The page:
Acknowledge your practice without judgment or praise. One of my first yoga teachers used to say this at the end of every practice. It didn’t really make sense to me. At the time, I was new to yoga and I was so excited to learn new poses at each class. It was a fun challenge and at the end of class, I did want to praise myself for doing those poses. And yes, maybe I was a little frustrated with myself for not being able to do other poses but I never felt like I was judging myself.
It took a few months of practicing yoga before this phrase made sense. Making cool shapes with your body is not the main point of yoga. Yes, it’s fun to learn a new pose but if that is all you get out of yoga, you are missing the bigger journey. It’s not about whether you were ‘good’ or ‘bad’ at yoga. It’s that you took time to nurture your body and to practice self-awareness.
How does this apply to the bariatric surgery journey?
Let’s change one word in this phrase. Acknowledge your weight without judgment or praise. Easier said than done, right? So often, people’s bariatric surgery journeys get distilled to one thing: weight. How much weight did you lose? How quickly are you losing weight? Have you regained any weight? I’m not saying that we should completely ignore weight. We are still acknowledging that number but we need to put it into context instead of making it the only measure that matters.
The bariatric surgery journey is not just about weight loss. I would argue that people who are focusing only on weight are in a less healthy place mentally, and sometimes physically too. When you focus only on weight, you don’t give yourself credit for all of the quality of life successes that happen after surgery. Greater energy levels, ability to walk further without getting winded, taking your kids on rides at the amusement park without worrying about weight limits, feeling comfortable in an airplane seat, bending over to tie your shoes… these are all huge quality of life successes!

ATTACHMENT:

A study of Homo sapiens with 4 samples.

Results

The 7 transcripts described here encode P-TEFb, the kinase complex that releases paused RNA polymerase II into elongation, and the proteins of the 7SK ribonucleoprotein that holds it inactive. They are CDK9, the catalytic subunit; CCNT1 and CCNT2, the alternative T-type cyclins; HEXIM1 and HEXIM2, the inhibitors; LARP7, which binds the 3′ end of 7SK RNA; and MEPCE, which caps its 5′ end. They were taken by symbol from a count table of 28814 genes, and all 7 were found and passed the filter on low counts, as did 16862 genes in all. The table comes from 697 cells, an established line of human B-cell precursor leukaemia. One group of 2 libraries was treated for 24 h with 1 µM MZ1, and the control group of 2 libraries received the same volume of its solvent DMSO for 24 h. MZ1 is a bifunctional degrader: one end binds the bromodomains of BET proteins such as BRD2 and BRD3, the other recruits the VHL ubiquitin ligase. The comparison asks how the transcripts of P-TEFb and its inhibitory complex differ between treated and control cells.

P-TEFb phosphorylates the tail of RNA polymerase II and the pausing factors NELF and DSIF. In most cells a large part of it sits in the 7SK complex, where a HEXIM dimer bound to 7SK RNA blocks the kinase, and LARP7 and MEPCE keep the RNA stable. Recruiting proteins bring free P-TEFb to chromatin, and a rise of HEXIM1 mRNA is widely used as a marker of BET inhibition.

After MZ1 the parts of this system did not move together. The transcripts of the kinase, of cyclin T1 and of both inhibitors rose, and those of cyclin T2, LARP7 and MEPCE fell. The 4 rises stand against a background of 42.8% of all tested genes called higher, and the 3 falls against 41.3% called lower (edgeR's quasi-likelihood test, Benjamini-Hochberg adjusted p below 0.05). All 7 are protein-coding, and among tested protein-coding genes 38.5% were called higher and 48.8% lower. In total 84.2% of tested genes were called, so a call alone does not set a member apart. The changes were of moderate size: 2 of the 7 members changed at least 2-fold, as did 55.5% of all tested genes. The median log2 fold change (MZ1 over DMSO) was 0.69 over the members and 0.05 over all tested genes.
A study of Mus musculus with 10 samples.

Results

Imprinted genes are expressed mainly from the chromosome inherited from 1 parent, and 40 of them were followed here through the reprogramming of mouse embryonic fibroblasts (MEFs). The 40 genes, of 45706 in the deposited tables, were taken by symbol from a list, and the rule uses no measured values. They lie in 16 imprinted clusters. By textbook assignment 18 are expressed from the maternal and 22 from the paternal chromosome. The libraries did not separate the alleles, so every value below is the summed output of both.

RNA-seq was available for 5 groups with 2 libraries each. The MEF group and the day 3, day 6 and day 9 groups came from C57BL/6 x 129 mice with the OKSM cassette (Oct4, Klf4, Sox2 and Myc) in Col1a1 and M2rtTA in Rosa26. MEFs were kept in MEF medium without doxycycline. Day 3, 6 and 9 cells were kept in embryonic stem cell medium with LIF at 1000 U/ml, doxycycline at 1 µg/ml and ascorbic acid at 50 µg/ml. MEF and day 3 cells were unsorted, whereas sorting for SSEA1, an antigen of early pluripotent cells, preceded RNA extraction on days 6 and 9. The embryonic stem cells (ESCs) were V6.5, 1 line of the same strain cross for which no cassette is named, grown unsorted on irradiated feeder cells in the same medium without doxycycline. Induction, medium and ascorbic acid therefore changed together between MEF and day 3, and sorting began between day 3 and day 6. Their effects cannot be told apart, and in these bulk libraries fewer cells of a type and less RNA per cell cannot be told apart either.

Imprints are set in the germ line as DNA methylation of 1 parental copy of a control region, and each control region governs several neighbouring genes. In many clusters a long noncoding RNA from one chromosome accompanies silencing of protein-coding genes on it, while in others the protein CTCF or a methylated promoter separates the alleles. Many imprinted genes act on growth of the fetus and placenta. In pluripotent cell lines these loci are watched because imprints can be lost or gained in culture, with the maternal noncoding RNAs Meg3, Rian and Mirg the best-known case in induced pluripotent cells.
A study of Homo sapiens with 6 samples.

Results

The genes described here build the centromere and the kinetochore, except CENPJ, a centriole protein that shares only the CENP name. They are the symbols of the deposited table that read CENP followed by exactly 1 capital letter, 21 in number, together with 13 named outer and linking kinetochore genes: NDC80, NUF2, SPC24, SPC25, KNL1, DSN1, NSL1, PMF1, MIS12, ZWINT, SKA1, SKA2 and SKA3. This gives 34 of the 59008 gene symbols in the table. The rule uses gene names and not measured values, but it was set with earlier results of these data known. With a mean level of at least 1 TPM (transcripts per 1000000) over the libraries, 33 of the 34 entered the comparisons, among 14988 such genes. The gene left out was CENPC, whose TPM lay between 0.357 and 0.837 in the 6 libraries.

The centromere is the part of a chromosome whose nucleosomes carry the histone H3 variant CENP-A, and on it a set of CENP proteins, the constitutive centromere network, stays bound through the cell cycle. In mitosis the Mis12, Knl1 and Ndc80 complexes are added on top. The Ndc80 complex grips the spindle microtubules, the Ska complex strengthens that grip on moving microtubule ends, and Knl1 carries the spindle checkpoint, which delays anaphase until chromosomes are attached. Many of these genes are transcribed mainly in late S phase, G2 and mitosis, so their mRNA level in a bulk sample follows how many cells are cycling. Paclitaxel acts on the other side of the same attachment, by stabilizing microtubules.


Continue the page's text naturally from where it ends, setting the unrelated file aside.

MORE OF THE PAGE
When we acknowledge our weight with judgment or praise, we are turning our weight into a ‘good’ or ‘bad’ number and that can be toxic for our mental health. We shouldn’t think of weight as being a ‘good’ or ‘bad’ number. But ‘good’ and ‘bad’ can apply to quality of life. If you are not able to do the things you enjoy, you are not having the best quality of life that you deserve. For example, if you can’t play with your children or grandchildren, does it really matter what your weight is? If your weight is so low that you don’t have energy or strength to go for walks on the beach, is that still a ‘good’ weight? If your weight is higher than your “ideal body weight” according to a chart but you are able to wear the clothing you love and dance the night away at a party, is that a ‘bad’ weight? Your mental and physical health is most important for your quality of life and that isn’t always reflected in a number on the scale.
So next time you get on the scale, don’t let your weight become a ‘good’ or ‘bad’ number. Don’t judge yourself or praise yourself. Just acknowledge that number for what it is (a number) and focus on the quality of life milestones that really matter.